Newswise — "Slow and steady wins the race" may be the caveat for this year's college graduates seeking entry into the job market, according to the 33rd annual "Recruiting Trends" survey conducted by the Collegiate Employment Research Institute at Michigan State University.
A majority of the 450 respondents to the 2003-04 national college employment survey noted that while the economy is improving and the labor market has stabilized, employers in some fields are still keeping their hiring options open.
"Employers with definite plans to hire will stimulate a 9 percent expansion in job opportunities," said Phil Gardner, director of the Collegiate Employment research Institute at MSU's Career Services and Placement and author of the study. "Companies and organizations with preliminary hiring targets or that are uncertain will decrease hiring by as much as 14 percent. We're finding that small employers will not be picking up the slack among new college hires as in past years, as they have access to a well-educated labor pool that has already graduated."
Sectors reporting the strongest labor markets include administrative services, retail, finance, health and accommodations/hospitality. Sectors with relatively weak labor markets include manufacturing, transportation, professional services and information services. Construction, wholesale, retail, utilities and finance fields are indicated as being stronger in all sections of the country.
For 2003-04, 353 employers provided hiring information. Forty-one percent of the respondents said they would definitely hire new college graduates, compared to 36 percent last year.
Companies with more than 381 employees will more likely be increasing the number of hires; smaller employers are more likely to be decreasing the hires of new college graduates. The survey also indicates that the number of employers who have definite plans to hire new graduates is up by 9 percent overall, with an 8 percent increase expected to be at the bachelor's degree level. All degree levels showed an increase except for master's degree candidates. These same employers also are hiring at a much higher level than the group in this category last year.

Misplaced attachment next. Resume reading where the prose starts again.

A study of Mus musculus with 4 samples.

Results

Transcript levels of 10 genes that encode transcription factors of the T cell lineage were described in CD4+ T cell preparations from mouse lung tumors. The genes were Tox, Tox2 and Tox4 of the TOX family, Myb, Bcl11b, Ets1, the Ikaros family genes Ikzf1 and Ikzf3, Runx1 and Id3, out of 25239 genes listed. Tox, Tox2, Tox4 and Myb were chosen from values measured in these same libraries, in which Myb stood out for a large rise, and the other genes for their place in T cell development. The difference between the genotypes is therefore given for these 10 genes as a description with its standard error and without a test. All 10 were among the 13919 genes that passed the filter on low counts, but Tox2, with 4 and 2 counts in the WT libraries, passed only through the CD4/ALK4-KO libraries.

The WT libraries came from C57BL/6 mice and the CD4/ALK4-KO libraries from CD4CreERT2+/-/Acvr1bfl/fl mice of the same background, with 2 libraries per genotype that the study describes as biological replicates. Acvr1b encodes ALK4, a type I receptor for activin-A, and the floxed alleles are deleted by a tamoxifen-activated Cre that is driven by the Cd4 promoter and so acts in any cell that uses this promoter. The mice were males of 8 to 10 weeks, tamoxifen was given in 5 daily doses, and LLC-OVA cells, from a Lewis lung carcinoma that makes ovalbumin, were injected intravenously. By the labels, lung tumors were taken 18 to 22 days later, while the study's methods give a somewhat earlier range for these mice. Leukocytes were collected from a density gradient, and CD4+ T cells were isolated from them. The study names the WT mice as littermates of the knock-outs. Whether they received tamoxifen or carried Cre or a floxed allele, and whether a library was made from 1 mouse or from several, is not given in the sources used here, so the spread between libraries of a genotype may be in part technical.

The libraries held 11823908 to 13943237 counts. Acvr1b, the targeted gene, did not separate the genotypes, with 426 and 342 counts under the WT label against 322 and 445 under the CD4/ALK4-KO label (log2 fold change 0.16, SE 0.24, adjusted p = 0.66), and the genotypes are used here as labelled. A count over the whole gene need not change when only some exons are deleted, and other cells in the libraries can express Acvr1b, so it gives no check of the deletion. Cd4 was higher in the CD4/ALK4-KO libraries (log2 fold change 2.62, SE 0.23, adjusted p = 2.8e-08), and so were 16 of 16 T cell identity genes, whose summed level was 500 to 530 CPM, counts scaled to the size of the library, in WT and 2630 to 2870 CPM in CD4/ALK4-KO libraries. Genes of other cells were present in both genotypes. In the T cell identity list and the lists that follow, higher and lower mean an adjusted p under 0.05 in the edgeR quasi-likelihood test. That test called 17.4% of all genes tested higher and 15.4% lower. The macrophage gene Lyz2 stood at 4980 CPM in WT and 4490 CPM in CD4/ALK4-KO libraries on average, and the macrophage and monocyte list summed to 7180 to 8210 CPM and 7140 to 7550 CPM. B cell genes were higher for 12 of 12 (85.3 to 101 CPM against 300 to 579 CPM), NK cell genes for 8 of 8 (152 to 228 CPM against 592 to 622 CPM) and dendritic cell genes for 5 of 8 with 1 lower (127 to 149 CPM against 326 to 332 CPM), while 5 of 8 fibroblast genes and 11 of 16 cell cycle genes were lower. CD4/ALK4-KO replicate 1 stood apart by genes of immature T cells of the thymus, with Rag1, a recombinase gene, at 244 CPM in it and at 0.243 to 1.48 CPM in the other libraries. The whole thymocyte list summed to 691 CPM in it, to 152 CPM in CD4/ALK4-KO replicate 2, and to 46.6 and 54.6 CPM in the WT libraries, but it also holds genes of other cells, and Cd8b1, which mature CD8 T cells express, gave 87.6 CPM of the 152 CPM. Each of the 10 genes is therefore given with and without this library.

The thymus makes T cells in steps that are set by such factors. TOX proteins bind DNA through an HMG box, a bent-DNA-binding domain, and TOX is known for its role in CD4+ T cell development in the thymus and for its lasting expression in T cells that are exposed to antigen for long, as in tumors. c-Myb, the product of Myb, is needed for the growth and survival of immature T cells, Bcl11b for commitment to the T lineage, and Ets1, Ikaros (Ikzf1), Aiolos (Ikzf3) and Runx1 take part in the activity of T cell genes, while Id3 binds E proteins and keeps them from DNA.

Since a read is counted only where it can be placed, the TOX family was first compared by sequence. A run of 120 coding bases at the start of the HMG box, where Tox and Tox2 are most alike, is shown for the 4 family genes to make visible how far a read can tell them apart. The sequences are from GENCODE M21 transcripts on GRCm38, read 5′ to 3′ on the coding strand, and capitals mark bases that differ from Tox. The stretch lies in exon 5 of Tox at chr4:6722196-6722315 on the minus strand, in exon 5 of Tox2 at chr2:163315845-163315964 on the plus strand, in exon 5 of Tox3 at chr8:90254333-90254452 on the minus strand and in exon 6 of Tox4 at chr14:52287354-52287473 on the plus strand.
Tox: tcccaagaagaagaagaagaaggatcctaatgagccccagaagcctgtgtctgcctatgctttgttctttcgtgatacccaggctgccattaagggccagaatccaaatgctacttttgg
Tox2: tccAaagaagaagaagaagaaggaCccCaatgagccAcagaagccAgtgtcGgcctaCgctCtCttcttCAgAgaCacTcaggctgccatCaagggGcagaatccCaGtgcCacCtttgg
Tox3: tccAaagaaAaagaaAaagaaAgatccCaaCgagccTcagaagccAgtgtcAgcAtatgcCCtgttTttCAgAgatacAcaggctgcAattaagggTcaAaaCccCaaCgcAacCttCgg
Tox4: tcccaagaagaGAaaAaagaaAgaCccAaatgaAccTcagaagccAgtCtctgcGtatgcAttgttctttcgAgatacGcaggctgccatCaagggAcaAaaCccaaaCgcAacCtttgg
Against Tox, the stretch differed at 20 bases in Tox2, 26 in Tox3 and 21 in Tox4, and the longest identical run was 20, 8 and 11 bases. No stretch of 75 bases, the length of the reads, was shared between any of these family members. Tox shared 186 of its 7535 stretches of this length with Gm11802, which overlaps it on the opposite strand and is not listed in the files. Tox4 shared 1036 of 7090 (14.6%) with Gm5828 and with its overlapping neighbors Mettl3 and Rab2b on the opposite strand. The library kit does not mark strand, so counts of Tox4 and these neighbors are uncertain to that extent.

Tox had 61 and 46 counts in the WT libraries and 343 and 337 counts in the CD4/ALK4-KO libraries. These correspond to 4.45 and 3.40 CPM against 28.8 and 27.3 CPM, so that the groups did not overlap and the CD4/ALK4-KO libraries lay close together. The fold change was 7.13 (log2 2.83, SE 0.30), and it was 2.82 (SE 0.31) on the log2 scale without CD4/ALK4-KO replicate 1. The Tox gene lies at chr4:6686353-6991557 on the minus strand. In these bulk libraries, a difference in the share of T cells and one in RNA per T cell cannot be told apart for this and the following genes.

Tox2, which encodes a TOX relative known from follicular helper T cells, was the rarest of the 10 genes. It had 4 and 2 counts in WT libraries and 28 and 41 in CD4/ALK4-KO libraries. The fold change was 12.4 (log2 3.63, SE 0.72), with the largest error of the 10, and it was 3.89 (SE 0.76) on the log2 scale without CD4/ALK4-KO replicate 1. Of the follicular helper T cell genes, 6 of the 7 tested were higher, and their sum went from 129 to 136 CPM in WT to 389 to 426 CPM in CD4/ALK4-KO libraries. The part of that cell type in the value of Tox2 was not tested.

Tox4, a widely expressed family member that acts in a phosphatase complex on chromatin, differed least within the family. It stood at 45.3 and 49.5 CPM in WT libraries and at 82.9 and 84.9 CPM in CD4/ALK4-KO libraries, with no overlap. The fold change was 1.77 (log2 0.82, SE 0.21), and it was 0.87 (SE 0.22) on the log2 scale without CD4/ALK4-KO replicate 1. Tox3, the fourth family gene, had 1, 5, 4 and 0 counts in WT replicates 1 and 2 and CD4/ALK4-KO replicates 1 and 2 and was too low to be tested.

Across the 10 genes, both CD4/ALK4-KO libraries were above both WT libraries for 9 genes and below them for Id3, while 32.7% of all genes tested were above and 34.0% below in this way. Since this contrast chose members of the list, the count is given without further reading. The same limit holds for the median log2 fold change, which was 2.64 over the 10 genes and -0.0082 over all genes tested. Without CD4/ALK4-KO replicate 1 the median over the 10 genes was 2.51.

What can college grads do to make themselves more marketable in this uncertain economy?
"Developing core competencies, such as oral and verbal communications skills, teamwork, a strong work ethic, motivation and flexibility cannot be emphasized enough," Gardner noted. "Students need to use their personal leadership and work experiences to enhance their skills to compete successfully with others in the labor pool. New college graduates will need to enter the job market, and then begin to position themselves for find the job they want."
It may be that college graduates entering the job market may not find their ideal job on the first try, he said. Collegians with solid applicable internships and cooperative educational or other job-related experiences will have the edge over those with little or no job-related experiences on their resumes, he said. "Employers are looking for potential employees with relevant past work experiences, the graduates who possess specific technical training balanced with a liberal education," Gardner said. "The technical training could be in a variety of fields such as engineering, computer-related skills, media, research or business. But beyond that they want individuals who have used their general university coursework to understand the broader context for learning and how it applies in the real world, and most importantly, how it applies in a global context."
Gardner will be presenting his research report at the 10th annual fall "Trends in Recruiting" conference of Midwest Association of Colleges and Employers, with the Government College Relations Council, Nov. 20-21 at DePaul University in Chicago.